Finance Committee Meets Wednesday on DHS Revisions to BadgerCare Plus Changes
The Department of Health Services (DHS) has modified some of its proposed changes to BadgerCare during the course of the negotiations with federal officials regarding the requested waiver of federal “maintenance of effort” requirements. Because one or two parts of the DHS revisions are inconsistent with current state law and differ from the proposals previously approved by the Joint Finance Committee (JFC), they trigger the requirement for JFC review. In particular, the committee needs to approve applying premiums to adults between 133% and 150% of the poverty level, rather than only to families above that income level.
The JFC has scheduled a meeting for this Wednesday, March 14, to consider those changes. Although I expect the changes to be approved easily by the committee, the meeting provides an opportunity for JFC members to question DHS and learn more about the status of the efforts to change BadgerCare. In addition, the scheduling of this meeting prompted the Legislative Fiscal Bureau (LFB) to prepare an updated summary and analysis, which includes both the current and previous changes proposed by DHS.
The budget repair and biennial budget bills approved last year allow DHS to make sweeping changes to BadgerCare and Medicaid, even if those changes conflict with current state statutes and regulations, and DHS can make those changes without using the normal rulemaking process. That power shift largely strips the Legislature of its role in shaping BadgerCare; however, there is still one vestige of legislative oversight. Proposed changes that conflict with current state law may be reviewed by the JFC. By longstanding tradition, that “passive review” process means that the committee will hold a meeting on an agency proposal if any committee member objects to the proposal, and at least one member has objected to the revised DHS proposals.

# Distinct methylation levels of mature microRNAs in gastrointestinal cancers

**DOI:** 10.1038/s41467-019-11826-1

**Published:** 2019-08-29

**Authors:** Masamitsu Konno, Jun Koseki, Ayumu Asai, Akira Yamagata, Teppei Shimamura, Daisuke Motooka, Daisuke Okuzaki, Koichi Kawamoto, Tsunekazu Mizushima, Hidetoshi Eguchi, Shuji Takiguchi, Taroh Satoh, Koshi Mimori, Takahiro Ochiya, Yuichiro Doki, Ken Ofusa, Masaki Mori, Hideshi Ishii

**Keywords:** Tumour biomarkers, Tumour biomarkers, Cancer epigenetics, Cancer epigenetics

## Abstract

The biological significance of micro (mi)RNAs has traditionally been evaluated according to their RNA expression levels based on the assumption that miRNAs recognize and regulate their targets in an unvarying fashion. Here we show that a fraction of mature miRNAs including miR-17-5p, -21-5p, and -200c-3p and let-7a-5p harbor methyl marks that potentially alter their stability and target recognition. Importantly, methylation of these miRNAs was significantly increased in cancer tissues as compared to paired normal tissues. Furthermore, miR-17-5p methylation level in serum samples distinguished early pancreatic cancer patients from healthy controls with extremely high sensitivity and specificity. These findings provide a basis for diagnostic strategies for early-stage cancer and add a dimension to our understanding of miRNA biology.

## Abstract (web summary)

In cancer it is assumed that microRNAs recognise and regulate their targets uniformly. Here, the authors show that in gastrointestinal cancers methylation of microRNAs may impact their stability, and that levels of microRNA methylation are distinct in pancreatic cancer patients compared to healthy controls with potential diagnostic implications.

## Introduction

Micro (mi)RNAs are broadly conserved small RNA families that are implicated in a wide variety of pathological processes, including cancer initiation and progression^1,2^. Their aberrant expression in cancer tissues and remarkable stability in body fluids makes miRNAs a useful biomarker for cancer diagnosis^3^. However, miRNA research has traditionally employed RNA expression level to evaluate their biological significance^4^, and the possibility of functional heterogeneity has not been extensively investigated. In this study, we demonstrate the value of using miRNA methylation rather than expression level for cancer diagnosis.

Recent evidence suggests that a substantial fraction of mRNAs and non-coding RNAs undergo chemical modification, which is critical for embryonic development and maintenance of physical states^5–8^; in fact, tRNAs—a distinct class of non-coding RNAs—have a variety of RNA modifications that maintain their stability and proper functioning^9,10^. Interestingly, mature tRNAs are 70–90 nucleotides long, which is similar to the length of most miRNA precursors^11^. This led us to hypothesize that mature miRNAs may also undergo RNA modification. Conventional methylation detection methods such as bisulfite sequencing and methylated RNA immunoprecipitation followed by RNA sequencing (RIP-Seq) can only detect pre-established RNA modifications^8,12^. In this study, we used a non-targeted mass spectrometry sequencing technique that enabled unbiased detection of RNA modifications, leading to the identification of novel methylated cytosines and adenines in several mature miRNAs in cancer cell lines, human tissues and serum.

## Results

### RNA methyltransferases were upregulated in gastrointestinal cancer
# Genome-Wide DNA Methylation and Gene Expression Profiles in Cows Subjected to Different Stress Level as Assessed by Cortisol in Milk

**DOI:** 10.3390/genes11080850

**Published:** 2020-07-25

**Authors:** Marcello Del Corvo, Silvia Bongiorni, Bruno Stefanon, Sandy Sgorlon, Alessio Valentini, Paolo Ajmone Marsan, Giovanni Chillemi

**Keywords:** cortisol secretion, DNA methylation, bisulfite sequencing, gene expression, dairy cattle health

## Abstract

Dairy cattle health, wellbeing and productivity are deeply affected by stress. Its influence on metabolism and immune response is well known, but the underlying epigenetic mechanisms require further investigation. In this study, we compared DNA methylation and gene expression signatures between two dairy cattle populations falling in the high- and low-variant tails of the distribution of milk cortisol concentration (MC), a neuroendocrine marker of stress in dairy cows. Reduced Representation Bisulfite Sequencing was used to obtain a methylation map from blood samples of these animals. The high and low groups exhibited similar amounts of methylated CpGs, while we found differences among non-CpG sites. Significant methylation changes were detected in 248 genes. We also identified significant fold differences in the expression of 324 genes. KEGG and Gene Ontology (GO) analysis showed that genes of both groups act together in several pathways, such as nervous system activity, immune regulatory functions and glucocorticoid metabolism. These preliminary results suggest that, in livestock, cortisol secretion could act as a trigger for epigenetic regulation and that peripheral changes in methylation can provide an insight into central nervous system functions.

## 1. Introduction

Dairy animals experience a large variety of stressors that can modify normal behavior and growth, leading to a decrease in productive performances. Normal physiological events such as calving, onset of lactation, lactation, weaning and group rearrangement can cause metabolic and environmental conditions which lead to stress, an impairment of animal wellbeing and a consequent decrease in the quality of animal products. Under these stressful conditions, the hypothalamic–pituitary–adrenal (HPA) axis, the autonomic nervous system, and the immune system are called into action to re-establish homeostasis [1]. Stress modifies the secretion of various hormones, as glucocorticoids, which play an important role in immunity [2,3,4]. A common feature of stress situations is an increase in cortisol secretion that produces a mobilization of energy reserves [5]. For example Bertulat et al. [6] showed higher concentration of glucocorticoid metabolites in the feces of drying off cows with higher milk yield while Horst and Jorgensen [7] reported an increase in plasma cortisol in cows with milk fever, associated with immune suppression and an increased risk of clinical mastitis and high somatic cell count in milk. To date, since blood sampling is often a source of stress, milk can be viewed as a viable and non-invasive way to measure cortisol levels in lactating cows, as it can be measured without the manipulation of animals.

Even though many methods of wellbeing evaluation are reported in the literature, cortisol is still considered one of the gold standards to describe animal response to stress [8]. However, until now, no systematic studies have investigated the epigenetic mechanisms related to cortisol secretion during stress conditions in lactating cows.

The JFC review process is small consolation for those of us who believe that lawmaking should involve all legislators (and their constituents), but at least the JFC review and involvement of the Fiscal Bureau make additional information available to the public. Last fall, for example, advocates tried unsuccessfully to find out how many people were likely to lose BadgerCare coverage as a result of the changes proposed by DHS. We were unable to get that information directly from the department, but finally got it a couple of days before the JFC meeting in November, when the LFB provided a thorough compilation of the DHS estimates underlying the projected cost-savings.
WCCF is preparing a synopsis of the new 14-page LFB paper, and we will post that on our website on Tuesday. In the meantime, here are a few of the key points from the Fiscal Bureau’s analysis:
- The revised DHS proposals would reduce BadgerCare enrollment by an estimated 22,835 people, including 2,940 children -- in contrast to nearly 65,000 people under the original plan.
- The revised MOE-related proposals would reduce BadgerCare spending by $91 million, of which about $36.5 million is state GPR funding (not counting potential savings from the Alternative Benchmark Plan).
- In contrast to the original DHS plan for increasing premiums, which was expected to result in more than 12,100 children losing their BadgerCare coverage, the new plan for raising premiums won’t apply to kids, but is expected to cause a somewhat larger drop in adult coverage (7,595 instead of the previous 7,114).